Stand up for your democracy: protesters

ACTION STATIONS::Taiwanese protesting the service trade pact must show today that they are not a minority, but deeply worried about their country, protesters said

By Alison Hsiao  /  Staff reporter

Sun, Mar 30, 2014 - Page 1

Student protesters occupying the legislative chamber in protest against the government’s handling of the cross-strait service trade pact last night denounced a press conference President Ma Ying-jeou (馬英九) held earlier in the day in response to their demands. The students said Ma’s comments lacked both substance and sincerity.

Student protest leader Lin Fei-fan (林飛帆) said that Ma “has apparently refused our main request, which is to institutionalize a special law for the oversight of cross-strait agreements before reviewing the cross-strait service trade pact.”

“By snubbing this demand, the Ma administration has refused the public’s right to amend or veto the agreement. Without the institutionalization of a monitoring mechanism, no one knows by what process the pact would be reviewed,” Lin said.

Ma’s response to the request for a citizens’ constitutional conference was incomplete, he said.

Lin said the conference was proposed because the country is facing a constitutional crisis brought about by “an unchecked executive power and a legislative power kidnapped by [Chinese Nationalist Party (KMT)] discipline and [our] electoral system, which is unresponsive to public opinion.”

The students also criticized Ma for backing statements by Premier Jiang Yi-huah (江宜樺) and National Police Agency Director-General Wang Cho-chiun’s (王卓鈞) that forcefully evicting students from the Executive Yuan early on Monday morning — an action in which scores of students and police officers were injured — had been “completely legal.”

“With none of our four requests receiving substantial and concrete promises, we will, as planned, stage a peaceful, adamant demonstration tomorrow [today], and cannot but continue our movement,” Lin said.

Chen Wei-ting (陳為廷), another student leader, said that Ma was “repeating himself.”

“What the president proposed was only allowing us to take a look at the pact, but not to review it in substantial terms [with the possibility of changing clauses],” he said. “What we are asking is to legislate first [for a cross-strait agreement oversight act] before reviewing the pact, but President Ma said the two can take place simultaneously. This will only repeat the history of KMT Legislator Chang Ching-chung’s (張慶忠) 30-second ramming-through [of the service-trade pact].”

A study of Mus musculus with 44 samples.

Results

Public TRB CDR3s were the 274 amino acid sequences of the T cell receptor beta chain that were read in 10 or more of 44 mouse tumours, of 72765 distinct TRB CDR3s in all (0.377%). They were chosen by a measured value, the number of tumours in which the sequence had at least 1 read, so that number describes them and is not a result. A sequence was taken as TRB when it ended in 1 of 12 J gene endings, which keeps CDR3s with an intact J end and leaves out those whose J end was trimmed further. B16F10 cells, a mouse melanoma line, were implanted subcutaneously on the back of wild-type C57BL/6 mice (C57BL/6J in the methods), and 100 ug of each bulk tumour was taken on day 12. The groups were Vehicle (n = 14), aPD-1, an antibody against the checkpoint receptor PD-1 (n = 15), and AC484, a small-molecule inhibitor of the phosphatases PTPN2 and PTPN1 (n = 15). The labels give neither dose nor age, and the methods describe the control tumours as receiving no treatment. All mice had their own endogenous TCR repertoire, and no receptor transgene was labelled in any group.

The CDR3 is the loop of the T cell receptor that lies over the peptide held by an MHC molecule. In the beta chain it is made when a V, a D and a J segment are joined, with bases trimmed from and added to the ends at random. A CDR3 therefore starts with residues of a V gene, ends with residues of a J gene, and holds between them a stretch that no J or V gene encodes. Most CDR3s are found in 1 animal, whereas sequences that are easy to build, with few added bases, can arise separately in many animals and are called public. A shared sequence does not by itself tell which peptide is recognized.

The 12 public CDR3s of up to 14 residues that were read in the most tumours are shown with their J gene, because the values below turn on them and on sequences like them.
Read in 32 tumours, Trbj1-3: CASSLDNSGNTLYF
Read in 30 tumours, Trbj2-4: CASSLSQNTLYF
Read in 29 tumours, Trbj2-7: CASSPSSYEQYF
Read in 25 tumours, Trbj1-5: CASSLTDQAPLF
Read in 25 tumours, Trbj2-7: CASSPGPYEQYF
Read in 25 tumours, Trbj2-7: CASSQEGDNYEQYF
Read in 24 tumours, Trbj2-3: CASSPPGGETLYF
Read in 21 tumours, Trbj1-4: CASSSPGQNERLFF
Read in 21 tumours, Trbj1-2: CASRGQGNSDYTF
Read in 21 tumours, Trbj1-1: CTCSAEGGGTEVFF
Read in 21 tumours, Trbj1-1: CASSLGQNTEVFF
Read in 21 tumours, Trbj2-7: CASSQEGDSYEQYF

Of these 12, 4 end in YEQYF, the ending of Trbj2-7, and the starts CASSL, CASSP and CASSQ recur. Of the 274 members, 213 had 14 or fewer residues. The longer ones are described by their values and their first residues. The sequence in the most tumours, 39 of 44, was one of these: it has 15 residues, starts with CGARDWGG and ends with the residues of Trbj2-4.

“What we mean by ‘the retraction of the cross-strait service trade agreement’ is to have the pact sent back to the Executive Yuan and to also make room for a citizens’ constitutional conference to participate in the review process,” Chen said.

Earlier in the day, the protest leaders said that all members of the public nationwide have to stand up today for their democratic rights and the survival of their hard-won democracy.

Joined by scores of representatives of non-governmental organizations, the protesters told a morning press conference that the rally today in Taipei would be a non-violent one and they cautioned the police against going overboard to enforce the law.

As the students’ occupation of the Legislative Yuan continued into the 12th day, “the government is still ignoring our demand for the institutionalization of a cross-strait agreement oversight mechanism and responding by besmirching our cause and talking nonsense,” the students and civil groups said.

“We will show through the 3/30 Ketagalan Boulevard demonstration that we are not a minority and not a violent mob, but a group of citizens who are deeply worried about our country’s crisis of constitutionalism,” the protesters said in a statement.

The anti-“black-box” service trade pact movement has been followed and echoed by overseas Taiwanese too, they said.

The students also announced that they have established an internal deliberative mechanism to counteract and respond to the government’s future calls for communication, be they private or public.

The announcement was made in response to a hullabaloo caused by a supposedly personal meeting between one of the movement’s leaders, Huang Kuo-chang (黃國昌), an assistant research fellow at Academia Sinica, and Presidential Office Deputy Secretary-General Hsiao Hsu-tsen (蕭旭岑) on Friday.

The meeting, after it was exposed, raised doubts about the secrecy of the unauthorized talk, which other student leaders did not know about.

Calling for an end to the authorities’ “private calls and unofficial release of information, and probing and dividing tactics,” civil groups and student representatives have achieved a consensus over the building up of an internal democratic decision-making mechanism to counteract the Presidential Office’s “off-the-record actions,” one of the student group’s representatives said.

The student leaders also responded to questions from the media about a possible communication between the students and President Ma Ying-jeou.

Student leader Chen said that during the previous discussion about the possible meeting, “we had lost our trust in the Ma administration.”

“We are asking Ma not to use party discipline to restrain his party’s (Chinese Nationalist Party – KMT) legislators’ reaction to the proposal of the institutionalization of a mechanism for overseeing cross-strait agreements,” Chen said. “If he cannot promise this, where is the room for discussion?”